What kind of figurines did the Olmecs make?
The Olmec were gifted artists who produced stone carvings, woodcarvings and cave paintings. They made carvings of all sizes, from tiny celts and figurines to massive stone heads. The stonework is made of many different types of stone, including basalt and jadeite.
The Olmec fashioned votive axes in the form of figures carved from jade, jadeite, serpentine and other greenstones. The figures have a large head and a small, stocky body that narrows into a blade shape. They combine features of a human and other animals, such as jaguar, eagle or toad.
In addition to their influence with contemporaneous Mesoamerican cultures, as the first civilization in Mesoamerica, the Olmecs are credited, or speculatively credited, with many “firsts”, including the bloodletting and perhaps human sacrifice, writing and epigraphy, and the invention of popcorn, zero and the
5) and standing human figures excavated at La Venta are some of the most iconic works of Olmec art. Olmec mythological beliefs were expressed by La Venta–period artists in jade sculpture. They animated large symbolic axes by portraying supernatural figures with downturned mouths, almond eyes, and cleft heads (1979.206.
Contributions. The Olmecs were apparently the first Mesoamerican people to fathom the concept of zero, develop a calendar, and create a hieroglyphic writing system. Also, they are credited for the discovery of the first conduit drainage system known in the Americas.
The Olmec culture flourished in several civic and ceremonial centers along the Gulf of Mexico more than 3,000 years ago, from 1500 to 400 B.C. Best known for their carvings of colossal stone heads, the Olmec were masters of monumental sculpture, and also produced an array of other distinctive artworks in stone, ceramic
Olmec artists were interested mainly in the general human form and certain supernatural creatures. Humans and supernaturals were represented in assured and highly conventionalized forms, with a great interest in general naturalism but little interest in the small detail.
The heads were each carved from a single basalt boulder which in some cases were transported 100 km or more to their final destination, presumably using huge balsa river rafts wherever possible and log rollers on land. The principal source of this heavy stone was Cerro Cintepec in the Tuxtla Mountains.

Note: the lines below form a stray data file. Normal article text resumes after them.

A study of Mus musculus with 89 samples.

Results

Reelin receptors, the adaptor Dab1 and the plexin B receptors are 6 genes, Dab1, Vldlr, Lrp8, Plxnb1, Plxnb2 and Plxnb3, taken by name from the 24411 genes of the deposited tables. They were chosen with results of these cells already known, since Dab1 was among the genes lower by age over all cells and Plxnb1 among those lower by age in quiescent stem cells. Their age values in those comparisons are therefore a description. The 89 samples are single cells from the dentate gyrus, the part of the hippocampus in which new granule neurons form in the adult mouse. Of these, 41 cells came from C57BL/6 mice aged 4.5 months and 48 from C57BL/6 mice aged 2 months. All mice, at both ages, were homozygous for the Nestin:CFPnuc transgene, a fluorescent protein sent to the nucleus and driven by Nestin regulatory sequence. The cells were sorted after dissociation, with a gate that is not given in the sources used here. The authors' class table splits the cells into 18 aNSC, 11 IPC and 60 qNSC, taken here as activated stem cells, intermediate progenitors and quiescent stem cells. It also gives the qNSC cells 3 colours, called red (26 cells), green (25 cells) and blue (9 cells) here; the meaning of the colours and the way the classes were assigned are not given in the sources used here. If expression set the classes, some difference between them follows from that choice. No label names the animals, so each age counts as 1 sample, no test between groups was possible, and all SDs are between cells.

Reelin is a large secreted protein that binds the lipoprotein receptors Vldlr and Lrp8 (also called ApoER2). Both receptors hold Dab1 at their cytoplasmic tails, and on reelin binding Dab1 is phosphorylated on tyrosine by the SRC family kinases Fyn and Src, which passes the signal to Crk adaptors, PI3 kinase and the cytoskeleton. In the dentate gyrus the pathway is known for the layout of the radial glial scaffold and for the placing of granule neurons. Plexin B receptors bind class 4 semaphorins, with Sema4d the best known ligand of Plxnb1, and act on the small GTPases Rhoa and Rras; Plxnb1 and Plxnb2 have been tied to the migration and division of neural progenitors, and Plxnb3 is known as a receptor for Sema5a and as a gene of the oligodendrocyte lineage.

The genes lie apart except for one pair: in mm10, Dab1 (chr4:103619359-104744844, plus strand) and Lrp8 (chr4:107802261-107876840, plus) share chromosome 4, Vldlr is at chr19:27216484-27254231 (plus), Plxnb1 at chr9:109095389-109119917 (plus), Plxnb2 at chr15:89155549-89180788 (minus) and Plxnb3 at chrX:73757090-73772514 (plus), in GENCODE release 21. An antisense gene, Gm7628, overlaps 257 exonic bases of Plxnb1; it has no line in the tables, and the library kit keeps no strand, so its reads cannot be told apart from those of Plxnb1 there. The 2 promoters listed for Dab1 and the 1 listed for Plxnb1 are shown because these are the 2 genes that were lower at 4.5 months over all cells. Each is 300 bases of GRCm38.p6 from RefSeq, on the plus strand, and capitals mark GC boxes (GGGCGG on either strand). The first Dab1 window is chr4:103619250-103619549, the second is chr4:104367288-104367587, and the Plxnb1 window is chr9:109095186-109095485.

Jade was the most highly valued material in the Olmec world.
The Olmec were the first major civilization in Mexico. Appearing around 1600 BCE, the Olmec were among the first Mesoamerican complex societies, and their culture influenced many later civilizations, like the Maya. The Olmec are known for the immense stone heads they carved from a volcanic rock called basalt.
How did the physical environment influence the Olmec? The cold and dry climate promoted specialization. The tropical climate was poorly suited for farming. The location on the Central Mexican Plateau allowed for terrace farming.
Monumental sacred complexes, massive stone sculptures, ball games, the drinking of chocolate, and animal gods were all features of Olmec culture passed on to those peoples who followed this first great Mesoamerican civilization.
Some of the significant achievements of the Olmec were their buildings and temples along with the giant stone heads that people found beneath the ground. How did the Olmec influence the Maya? The Olmec influenced the Maya with their trading routes by spreading the culture far through Mesoamerica.
Olmec glyphs are the earliest known writing in America. These fine-line motifs symbolically define the four quarters of the human world with the king as ruler at the center. The Olmec art style is found on objects as far afield as the Valley of Mexico to the north and the Pacific coast of Chiapas to the south.
La Venta, the centre of Olmec culture (c. 800–400 bce), contains one of the earliest pyramidal structures, a mound of earth and clay 100 feet (30 metres) high. Mesoamerican pyramids were generally earth mounds faced with stone.